Village In Vietnam Agrees To Tone Down Pig Slaughter Event

A village in Vietnam has agreed to make changes to a traditional pig slaughtering festival described as “barbaric” by animal rights campaigners.

Villagers carry a shrine around the Nem Thuong village during a festival in Bac Ninh, north of Hanoi, February 24, 2015. Organized by the villagers, the festival is held on the sixth day of the first month of the lunar calendar to worship the village’s deity Doan Thuong, an anti-royal military general who lived in 13th century. Every year, thousands of people from the village and nearby villages will gather to smear the blood of pig on their banknotes in the belief that it would bring luck in the new year. The festival is known as the most brutal in the country and is condemned by many, including some who called on the government to stop the festival.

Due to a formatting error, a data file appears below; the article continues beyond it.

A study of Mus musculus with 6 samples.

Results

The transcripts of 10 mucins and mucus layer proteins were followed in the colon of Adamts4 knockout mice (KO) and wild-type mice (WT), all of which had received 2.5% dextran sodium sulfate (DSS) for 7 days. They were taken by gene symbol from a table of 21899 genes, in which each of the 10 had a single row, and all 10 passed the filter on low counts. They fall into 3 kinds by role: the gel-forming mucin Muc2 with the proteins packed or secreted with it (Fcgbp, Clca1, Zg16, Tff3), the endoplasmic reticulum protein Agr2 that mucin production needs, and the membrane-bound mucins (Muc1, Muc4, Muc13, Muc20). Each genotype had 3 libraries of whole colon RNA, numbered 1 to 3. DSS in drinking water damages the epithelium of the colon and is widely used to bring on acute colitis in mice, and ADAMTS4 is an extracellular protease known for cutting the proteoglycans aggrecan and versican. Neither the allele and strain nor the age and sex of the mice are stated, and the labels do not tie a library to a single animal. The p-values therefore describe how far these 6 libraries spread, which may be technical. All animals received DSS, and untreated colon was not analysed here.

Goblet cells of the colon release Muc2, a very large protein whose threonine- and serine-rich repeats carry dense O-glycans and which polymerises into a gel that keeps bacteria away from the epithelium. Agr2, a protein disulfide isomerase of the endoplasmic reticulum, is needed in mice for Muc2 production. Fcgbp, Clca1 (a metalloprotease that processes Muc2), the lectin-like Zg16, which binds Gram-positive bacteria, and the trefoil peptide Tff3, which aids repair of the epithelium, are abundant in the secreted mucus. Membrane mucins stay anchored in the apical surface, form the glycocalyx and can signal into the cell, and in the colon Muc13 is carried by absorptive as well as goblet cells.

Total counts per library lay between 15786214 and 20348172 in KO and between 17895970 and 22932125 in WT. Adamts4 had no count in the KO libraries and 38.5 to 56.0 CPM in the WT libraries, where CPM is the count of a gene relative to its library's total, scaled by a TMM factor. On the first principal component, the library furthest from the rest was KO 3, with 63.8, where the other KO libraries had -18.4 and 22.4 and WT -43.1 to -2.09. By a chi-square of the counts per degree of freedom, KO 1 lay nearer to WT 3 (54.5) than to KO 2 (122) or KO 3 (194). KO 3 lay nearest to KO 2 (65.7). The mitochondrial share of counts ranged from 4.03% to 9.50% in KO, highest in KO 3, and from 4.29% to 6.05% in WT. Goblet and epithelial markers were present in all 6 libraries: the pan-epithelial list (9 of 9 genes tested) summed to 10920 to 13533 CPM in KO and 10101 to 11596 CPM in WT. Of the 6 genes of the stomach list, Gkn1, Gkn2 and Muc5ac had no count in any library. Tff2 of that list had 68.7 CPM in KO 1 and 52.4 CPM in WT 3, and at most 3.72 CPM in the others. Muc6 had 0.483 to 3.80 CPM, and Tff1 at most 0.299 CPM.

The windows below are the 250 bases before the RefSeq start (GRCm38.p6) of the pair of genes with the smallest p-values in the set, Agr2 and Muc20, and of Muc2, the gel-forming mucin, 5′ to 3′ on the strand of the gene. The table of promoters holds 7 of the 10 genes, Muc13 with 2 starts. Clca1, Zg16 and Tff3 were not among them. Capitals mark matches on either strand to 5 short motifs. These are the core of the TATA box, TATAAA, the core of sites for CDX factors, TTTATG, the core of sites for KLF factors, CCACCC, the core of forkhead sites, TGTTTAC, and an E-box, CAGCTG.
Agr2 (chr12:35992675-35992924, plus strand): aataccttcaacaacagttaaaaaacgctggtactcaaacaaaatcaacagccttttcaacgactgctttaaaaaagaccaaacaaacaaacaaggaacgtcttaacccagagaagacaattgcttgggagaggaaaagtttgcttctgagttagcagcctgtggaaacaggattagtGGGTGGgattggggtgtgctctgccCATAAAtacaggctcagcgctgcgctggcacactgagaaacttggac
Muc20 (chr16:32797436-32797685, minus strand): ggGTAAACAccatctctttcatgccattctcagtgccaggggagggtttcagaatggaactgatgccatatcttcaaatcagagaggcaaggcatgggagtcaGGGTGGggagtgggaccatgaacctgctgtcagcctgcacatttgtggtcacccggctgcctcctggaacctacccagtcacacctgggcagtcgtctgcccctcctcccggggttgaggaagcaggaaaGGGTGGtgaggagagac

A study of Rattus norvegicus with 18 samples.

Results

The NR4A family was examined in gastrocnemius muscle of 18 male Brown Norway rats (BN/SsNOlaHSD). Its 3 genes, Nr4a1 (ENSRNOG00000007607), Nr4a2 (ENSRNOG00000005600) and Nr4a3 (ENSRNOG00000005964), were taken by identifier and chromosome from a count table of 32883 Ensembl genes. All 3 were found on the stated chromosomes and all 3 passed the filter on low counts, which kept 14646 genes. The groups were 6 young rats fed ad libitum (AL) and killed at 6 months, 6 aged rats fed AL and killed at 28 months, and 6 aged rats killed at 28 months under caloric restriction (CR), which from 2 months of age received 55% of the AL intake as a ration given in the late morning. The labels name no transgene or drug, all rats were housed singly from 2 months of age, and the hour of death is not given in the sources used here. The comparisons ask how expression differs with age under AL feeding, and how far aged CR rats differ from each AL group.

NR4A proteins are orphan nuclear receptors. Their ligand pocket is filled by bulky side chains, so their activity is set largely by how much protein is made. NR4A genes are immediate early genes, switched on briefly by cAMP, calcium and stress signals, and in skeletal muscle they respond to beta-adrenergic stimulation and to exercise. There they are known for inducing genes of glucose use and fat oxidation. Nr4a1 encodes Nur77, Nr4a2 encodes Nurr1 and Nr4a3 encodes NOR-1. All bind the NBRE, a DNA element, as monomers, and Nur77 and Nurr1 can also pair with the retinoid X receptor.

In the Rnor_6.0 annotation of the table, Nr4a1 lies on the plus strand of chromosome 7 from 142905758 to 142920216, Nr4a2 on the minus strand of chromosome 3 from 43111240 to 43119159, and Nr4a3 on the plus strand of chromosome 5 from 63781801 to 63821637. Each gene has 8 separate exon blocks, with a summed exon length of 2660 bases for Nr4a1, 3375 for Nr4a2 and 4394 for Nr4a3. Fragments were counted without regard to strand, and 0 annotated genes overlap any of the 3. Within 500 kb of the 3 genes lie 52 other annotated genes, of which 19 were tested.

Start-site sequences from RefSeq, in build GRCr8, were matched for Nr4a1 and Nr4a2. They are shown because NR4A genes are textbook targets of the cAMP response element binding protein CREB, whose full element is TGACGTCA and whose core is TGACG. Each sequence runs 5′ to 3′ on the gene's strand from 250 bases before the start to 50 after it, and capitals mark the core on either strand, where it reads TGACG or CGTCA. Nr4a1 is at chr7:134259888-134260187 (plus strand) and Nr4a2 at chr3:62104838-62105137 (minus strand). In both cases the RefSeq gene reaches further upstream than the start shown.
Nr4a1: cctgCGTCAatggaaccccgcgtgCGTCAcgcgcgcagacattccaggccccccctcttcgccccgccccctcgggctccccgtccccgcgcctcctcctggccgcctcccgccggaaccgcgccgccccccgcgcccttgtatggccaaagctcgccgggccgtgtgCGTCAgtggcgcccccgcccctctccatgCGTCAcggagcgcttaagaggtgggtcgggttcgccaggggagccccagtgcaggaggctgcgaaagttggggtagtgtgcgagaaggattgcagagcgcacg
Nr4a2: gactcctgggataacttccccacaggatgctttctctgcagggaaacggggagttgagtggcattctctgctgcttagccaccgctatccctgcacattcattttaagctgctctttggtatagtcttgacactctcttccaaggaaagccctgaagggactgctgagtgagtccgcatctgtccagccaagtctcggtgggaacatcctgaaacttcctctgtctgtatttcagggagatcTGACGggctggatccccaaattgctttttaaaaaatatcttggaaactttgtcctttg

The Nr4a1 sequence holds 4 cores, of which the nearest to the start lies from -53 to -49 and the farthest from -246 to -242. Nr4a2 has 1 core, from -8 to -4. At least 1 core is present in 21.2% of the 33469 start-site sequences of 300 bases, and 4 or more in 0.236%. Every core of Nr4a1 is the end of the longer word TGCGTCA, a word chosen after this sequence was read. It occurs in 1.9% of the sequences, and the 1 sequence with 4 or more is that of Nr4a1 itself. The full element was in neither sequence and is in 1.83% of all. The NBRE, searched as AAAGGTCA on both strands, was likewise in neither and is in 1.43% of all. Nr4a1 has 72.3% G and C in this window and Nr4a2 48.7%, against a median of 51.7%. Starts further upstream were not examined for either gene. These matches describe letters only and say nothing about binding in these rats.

The annual event in Nem Thuong, in the northern province of Bac Ninh, involves pigs being carted around the village in a procession before being slaughtered with a sword in front of spectators. While the festival will still take place, the pigs will now be killed in a “discreet” area away from the crowds, Thanh Nien News reports.

People will also no longer engage in the practice of daubing banknotes in the pigs’ blood, which is thought to bring good luck. Provincial officials say the changes to the centuries-old festival were made in recognition of social developments, the report adds.

The move follows months of campaigning by the Animals Asia organisation, which wants Vietnam’s government to ban the festival altogether, describing it as a “display of barbaric animal cruelty”. In January, the country’s culture ministry voiced its disapproval at the tradition, with a spokesman telling the Tuoi Tre newspaper: “Living in this civilised world, we should support cultural and civilised activities and limit uncultured and uncivilised acts.”

The festival is said to commemorate a 13th Century general who slaughtered wild boar to feed his army while taking refuge in the area, and is now considered a deity in the village.